Posted by: David Kiley on September 7, 2009
Chrysler is potentially headed for a brand problem that will rival the pickle that GM is trying to extricate itself from.
Here is the deal. Chrysler has three main brands at the moment: Chrysler, Dodge and Jeep. But it has made it clear to the ad agencies pitching its ad account that it is splitting off its pickup truck and commercial vehicle business off to a new brand—Ram.
That’s right. Going forward, and as soon as Chrysler has the idea to run with, the pickup it sells now won’t be sold as Dodge Ram, but rather….Ram. Other vehicles that will come from the Fiat-Chrysler tie up in the commercial segment will also be called Ram.
So, now we are up to four brands to support. Now, add the Fiat 500, which will be sold as a Fiat when it arrives in Chrysler showrooms in 2011. And, don’t forget Alfa Romeo, which Fiat will sell through Chrysler distribution in key markets that make sense for the Italian sport car maker.
This seems like a lot of brand differentiation to manage and support by a company that has been poor at both.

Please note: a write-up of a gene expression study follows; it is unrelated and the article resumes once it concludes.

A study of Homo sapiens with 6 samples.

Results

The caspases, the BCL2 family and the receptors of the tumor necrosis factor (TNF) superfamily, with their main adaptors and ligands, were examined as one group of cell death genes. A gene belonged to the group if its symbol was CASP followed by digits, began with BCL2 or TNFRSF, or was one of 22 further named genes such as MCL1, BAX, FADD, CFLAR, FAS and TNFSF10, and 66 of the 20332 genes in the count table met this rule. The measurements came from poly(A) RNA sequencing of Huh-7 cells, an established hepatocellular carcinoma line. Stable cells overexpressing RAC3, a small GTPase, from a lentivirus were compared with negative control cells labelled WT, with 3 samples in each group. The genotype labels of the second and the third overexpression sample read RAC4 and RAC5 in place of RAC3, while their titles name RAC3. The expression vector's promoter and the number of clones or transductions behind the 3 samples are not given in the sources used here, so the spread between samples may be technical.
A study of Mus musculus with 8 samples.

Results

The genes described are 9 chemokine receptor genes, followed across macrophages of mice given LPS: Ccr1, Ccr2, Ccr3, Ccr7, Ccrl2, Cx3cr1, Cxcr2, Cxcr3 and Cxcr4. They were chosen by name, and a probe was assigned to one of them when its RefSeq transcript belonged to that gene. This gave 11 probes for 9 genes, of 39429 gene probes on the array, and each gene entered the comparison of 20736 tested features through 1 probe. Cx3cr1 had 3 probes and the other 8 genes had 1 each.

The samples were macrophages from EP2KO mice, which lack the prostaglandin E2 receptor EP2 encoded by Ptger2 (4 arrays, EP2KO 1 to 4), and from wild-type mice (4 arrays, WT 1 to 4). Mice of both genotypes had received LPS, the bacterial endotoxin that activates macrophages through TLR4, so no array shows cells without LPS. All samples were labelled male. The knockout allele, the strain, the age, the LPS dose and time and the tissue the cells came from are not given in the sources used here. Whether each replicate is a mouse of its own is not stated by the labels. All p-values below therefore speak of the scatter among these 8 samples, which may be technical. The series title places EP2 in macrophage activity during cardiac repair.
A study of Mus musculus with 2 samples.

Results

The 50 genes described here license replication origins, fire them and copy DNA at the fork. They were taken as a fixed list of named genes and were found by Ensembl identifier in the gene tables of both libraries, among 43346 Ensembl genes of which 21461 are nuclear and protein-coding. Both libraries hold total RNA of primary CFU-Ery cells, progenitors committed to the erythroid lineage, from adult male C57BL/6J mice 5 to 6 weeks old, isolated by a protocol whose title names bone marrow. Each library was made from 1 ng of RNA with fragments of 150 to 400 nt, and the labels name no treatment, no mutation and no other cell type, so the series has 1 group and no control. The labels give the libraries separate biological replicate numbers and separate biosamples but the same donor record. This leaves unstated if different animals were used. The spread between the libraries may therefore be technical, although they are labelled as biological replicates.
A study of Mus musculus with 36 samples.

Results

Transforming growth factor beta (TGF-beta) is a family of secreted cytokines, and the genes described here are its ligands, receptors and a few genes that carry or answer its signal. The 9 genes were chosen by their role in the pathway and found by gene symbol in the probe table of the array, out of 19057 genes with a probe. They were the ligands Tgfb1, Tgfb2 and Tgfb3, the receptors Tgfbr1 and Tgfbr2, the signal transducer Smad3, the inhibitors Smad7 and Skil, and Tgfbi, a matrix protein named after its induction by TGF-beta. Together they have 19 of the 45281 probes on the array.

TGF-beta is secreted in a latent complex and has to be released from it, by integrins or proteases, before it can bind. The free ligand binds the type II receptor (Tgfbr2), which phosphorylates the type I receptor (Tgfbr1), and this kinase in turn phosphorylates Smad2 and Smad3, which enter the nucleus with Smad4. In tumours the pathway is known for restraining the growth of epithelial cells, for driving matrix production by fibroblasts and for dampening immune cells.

As I look at auto sales numbers through August, I see a 9.2% market share for Chrysler spread among the three brands it has. That share is inevitably going to go down as the company pares models. Indeed, Merrill Lynch projects that Chrysler loses a whopping five to six points of share in the next four years unless it comes up with some product surprises from the Fiat alliance.
If you consider it likely that Fiat and Alfa-Romeo combine for less than 1 point of share, then you have five brands potentially carving up something between 4 and 6 points of share, and that is if the company over-achieves. Also…four brands at a single showroom, while we wait to see how the company sort out the distribution real estate for Alfa at Chrysler dealerships.
This goes to brand/distribution/marketing efficiency. Toyota has 16.5% of the market spread across three brands. GM has 16.7% of the market with the four brands it plans to go forward with—Chevy, Cadillac, Buick, GMC.
If Chrysler isn’t clever beyonid all expectations, it is going to have a brand jumble that will make people look to GM as a benchmark of brand/marketing efficiency.